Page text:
Texans Should Beware of Internet Sales Tax

Texas is one of the nation’s best states for doing business, according to a recent CNBC survey. Lone Star lawmakers deserve credit for the pro-growth environment they’ve helped foster. But a bill now before the U.S. House of Representatives threatens this happy progress.

The Marketplace Fairness Act (MFA) would expose Texas to businesses taxation without representation from other, potentially less business-friendly states. It would empower state governments to reach across their borders and tax other states’ businesses.

Currently, a sales tax is only applied to online purchases when the seller has a physical presence in the state where the buyer resides. For example, when a customer in California buys something from a Texas retailer, the purchase is only subject to tax if the company has a store or warehouse in California. The Marketplace Fairness Act would remove this physical presence requirement, and thus subject businesses to the tax policies of other states where they have no political voice.

The legislation will be costly at best and lethal for jobs and small businesses at worst. It will force online and mail-order retailers to calculate for 10,000 distinct taxing jurisdictions, each with its own bases, rates and exemptions and to remit accordingly to 46 states and 550 tribal organizations. Proponents make promises of “free” calculating software from state governments, but a recent study by tax simplification group TruST estimates implementation costs of $80,000 to $290,000 and yearly maintenance costs of $57,500 to $260,000 for midsized retailers.

Additionally, businesses will be subject to audits by states where they have no presence. Under the legislation, a retailer located exclusively in Texas could be dragged into an audit by California, New York or New Jersey simply because someone there bought from the retailer’s website. And the MFA does not require states consolidate audits or respect audits conducted by other states, so a business could be audited in multiple states simultaneously.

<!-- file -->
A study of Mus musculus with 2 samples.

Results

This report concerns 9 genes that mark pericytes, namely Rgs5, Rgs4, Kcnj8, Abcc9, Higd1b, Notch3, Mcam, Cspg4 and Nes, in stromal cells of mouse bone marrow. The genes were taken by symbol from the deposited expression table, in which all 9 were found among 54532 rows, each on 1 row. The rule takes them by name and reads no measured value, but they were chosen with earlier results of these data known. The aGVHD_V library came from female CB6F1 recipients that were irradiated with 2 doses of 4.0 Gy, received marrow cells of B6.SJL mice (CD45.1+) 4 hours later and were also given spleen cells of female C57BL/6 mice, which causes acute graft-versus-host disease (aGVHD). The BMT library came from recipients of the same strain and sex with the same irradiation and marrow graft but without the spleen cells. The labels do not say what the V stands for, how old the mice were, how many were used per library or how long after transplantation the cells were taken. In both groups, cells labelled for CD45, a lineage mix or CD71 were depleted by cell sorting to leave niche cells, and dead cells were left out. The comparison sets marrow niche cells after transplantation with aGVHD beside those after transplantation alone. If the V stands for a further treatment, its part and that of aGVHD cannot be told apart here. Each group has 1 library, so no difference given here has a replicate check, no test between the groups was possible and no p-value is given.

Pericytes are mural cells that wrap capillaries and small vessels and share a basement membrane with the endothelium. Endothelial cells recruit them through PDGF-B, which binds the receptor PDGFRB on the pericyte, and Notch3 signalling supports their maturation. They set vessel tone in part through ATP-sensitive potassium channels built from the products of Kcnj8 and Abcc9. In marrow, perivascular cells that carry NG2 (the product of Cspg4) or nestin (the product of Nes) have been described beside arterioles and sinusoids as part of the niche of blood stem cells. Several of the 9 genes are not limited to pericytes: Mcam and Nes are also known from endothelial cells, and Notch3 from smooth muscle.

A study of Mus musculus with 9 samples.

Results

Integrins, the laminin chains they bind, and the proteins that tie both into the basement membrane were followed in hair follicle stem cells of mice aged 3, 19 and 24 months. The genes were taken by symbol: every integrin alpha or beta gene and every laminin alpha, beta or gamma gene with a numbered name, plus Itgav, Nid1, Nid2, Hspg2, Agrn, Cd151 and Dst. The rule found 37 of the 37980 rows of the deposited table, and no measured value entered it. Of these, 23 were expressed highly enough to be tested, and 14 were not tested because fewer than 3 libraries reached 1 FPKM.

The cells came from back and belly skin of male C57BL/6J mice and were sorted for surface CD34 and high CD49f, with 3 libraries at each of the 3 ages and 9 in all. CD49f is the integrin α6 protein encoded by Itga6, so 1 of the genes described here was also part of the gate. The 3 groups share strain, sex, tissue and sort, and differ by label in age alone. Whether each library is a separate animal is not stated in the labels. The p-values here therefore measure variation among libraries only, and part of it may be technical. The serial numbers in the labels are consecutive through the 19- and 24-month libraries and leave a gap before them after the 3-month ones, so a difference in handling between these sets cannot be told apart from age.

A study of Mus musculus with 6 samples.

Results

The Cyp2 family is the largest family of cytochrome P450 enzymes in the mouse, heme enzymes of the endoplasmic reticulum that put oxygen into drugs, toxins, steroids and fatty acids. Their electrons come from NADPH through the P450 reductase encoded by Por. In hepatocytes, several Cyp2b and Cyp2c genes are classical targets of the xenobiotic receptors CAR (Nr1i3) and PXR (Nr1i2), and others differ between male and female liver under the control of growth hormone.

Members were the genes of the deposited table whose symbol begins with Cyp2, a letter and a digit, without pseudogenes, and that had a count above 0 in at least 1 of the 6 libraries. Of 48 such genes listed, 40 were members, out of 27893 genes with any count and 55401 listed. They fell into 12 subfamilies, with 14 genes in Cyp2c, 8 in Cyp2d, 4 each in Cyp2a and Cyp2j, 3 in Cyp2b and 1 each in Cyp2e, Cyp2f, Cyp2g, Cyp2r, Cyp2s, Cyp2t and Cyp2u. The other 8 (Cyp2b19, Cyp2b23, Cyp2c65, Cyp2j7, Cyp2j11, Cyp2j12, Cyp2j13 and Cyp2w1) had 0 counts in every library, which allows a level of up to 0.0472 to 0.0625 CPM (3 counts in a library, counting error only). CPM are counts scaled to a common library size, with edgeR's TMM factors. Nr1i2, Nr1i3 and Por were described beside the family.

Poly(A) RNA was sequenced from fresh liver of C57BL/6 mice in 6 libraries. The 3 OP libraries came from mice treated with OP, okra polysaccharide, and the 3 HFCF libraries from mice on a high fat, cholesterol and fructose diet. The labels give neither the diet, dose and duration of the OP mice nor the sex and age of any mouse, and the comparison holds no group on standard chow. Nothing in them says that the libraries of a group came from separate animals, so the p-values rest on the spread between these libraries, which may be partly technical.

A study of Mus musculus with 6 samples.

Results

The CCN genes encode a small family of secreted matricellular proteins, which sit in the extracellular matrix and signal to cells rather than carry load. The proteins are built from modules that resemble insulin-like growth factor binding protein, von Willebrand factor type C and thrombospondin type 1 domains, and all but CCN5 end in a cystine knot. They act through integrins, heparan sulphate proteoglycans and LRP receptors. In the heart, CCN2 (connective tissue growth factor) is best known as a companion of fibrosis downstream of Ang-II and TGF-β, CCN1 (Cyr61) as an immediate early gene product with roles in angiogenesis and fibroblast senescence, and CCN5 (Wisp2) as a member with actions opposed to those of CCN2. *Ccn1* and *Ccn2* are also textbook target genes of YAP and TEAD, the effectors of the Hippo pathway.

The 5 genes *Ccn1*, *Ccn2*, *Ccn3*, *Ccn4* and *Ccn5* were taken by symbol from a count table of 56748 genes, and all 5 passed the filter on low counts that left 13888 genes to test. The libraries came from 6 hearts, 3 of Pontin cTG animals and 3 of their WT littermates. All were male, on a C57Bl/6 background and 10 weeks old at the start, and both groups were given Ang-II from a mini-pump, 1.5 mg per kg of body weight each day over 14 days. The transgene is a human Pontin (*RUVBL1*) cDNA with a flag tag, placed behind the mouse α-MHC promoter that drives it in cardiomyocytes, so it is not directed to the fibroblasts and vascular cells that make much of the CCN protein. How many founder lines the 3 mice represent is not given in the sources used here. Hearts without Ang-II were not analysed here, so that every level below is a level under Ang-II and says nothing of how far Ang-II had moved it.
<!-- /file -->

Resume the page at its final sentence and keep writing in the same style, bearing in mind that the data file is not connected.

Businesses have chosen to locate in Texas expressly because of its pro-growth policies. Allowing aggressive tax-and-spend states to reach into Texas and tax its businesses largely negates the competitive advantage the state affords. That’s bad news for business owners, job seekers, and elected officials working to implement sound economic policy.

The MFA would also set a precedent that should worry every taxpayer. If the physical presence requirement no longer holds for sales taxes, what area of taxation policy is next? The expansion of state tax authority found in the MFA will embolden states to keep pushing the limits of what’s taxable and where.

It’s not as if revenue-hungry states need any encouragement — New Jersey has seized trucks passing through their jurisdictions, demanding corporate income taxes in exchange for their release. And some businesses are afraid to send employees to New York, lest that create a tax nexus, leading to tax bills for thousands of dollars.

Just as no one should be allowed to vote outside one’s own jurisdiction, a state’s power to tax and regulate should end at its border. Anything else is taxation without representation.

The modest revenue gains of the MFA scheme simply don’t justify all the pain. And there are better ways to address any inequities in how sales are taxed online. For instance, an origin-based approach would access tax at the point of purchase — just as it is in the brick-and mortar world — and require retailers to report only to their home tax authorities. In doing so, it would limit states to taxing only those to whom they are politically accountable.

Politicians should not bend to the siren sound of increased tax revenues without considering the ramifications to their business constituents. The Marketplace Fairness Act should be rejected by Texans who want to keep their state attracting businesses and its economy growing.

Melugin is an adjunct fellow with the Competitive Enterprise Institute, a free-market think tank in Washington, D.C.